Daniel Vargas

Daniel Vargas created his own database in his study of on-campus parking problems at the University of Nebraska at Kearney. He said a survey he emailed to 5,500 recipients shows that most students believe the parking policy causes problems and doesn’t deliver the parking students are paying for with their permits.

KEARNEY — A yearlong study by a junior mathematics and economics major has confirmed what students at the University of Nebraska at Kearney have suspected for years: Their university issues more parking permits than there are stalls.

“I didn’t believe my friends when they complained about it, but then I started having problems finding places to park. They do oversell the permits, and it’s really causing problems,” said Daniel Vargas, 19, a native of Colombia who will begin his third year at UNK in the fall.

A campus official disputed Vargas’ findings.

“There’s always parking on this campus. You can always find a parking spot, it just might not be as close or convenient as everyone would like,” said Todd Gottula, senior director of communications and marketing.

Vargas disagrees.

Based on data from 2018-19, he learned UNK has 3,207 parking stalls, but issued up to 3,700 permits. He also learned the daily dash for a stall is like clockwork, despite what a campus official told him. “I talked to the parking director. He told me they overissue the permits because not everyone is using them at the same time. I didn’t think that was a reasonable explanation.”

According to Vargas, daily crunch time begins around 8 a.m. as commuter students begin arriving at campus. The spike occurs sometime between 8 a.m. and 9 a.m., and then steadily tapers off until about 11 a.m.

UNK agribusiness professor Frank Tenkorang assisted Vargas with his research, which included emailing 5,500 surveys to students, faculty and staff. Vargas said he was hoping for a 10 percent return, so it surprised him when he received 1,200 responses — a rate of nearly 22 percent.

The idea to explore the parking issue came to Vargas after he watched a Fox News report about parking issues in the United States. He said the Fox report said the U.S. is overbuilt for parking. There are about six stalls per person nationally.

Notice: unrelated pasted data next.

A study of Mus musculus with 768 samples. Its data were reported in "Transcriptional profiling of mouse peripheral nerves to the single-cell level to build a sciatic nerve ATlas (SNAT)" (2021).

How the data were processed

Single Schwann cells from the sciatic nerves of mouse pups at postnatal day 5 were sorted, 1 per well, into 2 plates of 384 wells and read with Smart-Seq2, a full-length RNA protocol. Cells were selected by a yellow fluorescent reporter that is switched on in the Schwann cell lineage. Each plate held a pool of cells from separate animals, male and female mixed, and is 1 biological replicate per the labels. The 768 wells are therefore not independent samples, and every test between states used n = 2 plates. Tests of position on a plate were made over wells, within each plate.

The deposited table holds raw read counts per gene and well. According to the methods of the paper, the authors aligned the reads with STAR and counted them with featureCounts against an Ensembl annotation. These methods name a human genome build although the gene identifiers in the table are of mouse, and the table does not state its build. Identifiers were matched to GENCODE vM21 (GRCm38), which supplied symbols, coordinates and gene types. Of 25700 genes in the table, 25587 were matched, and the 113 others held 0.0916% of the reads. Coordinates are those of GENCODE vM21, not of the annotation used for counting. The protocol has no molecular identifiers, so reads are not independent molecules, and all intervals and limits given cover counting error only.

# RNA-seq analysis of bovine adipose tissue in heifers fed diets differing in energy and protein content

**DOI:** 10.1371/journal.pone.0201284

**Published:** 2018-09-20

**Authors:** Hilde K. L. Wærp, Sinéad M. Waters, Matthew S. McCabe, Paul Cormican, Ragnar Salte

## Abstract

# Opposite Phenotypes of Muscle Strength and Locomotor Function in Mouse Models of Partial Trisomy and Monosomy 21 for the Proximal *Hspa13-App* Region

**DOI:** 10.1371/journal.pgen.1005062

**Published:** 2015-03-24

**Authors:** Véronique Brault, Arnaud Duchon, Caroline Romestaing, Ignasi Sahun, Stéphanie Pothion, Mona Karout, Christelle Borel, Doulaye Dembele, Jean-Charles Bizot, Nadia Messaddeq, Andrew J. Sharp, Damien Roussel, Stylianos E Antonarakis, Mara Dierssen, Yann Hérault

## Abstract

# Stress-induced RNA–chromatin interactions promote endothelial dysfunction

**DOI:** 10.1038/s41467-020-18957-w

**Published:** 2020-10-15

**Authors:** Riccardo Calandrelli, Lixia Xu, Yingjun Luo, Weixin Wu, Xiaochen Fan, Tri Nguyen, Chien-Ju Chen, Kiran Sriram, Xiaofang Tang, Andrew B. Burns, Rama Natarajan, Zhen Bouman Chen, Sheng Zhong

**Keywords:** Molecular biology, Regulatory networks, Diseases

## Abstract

That contrasts with UNK, he said, because there clearly are fewer stalls than the number of permits that students purchase.

Gottula said UNK’s administration is aware of the parking issue and has studied proposals to add spaces, including construction of a parking structure. That idea proved too costly and would require bumping up the cost for permits. Current annual rates are $230 for administrative, $145 for faculty, $130 on-campus residents, $115 staff, $105 commuters and $75 for what are termed “perimeter” spots.

Gottula said UNK has been able to add about 35 stalls by building a lot near the former Luke & Jake’s Barbecue restaurant east of the Warner Hall administration building.

Vargas believes it is OK for UNK to charge for parking, but it’s unfair to overissue permits and leave students believing they are assured a parking stall.

He believes parking meters might be the answer to UNK’s problems, but he’s not talking about placing meters at all 3,207 stalls. Instead, Vargas suggests a system similar to what parking garages use. As vehicles enter, drivers are issued time-stamped tickets. When they exit parking, they pay for the time their vehicle was in the garage.

Some people who heard his suggestion say the plan would be too expensive, but Vargas counters that at least students wouldn’t be paying for permits that may or may not net them a parking space.

Gottula said UNK officials are open to suggestions. “If somebody has an idea to make it better we’re all ears to that, but a lot of times what looks good on paper doesn’t really work.”

Vargas isn’t certain whether his study will compel campus officials to change their policies, but he said the amount of effort and feedback that went into it is credible proof the current approach causes problems and creates hard feelings when students buy permits.

“I think they know how much they are overissuing, but they don’t see it as a problem,” he said.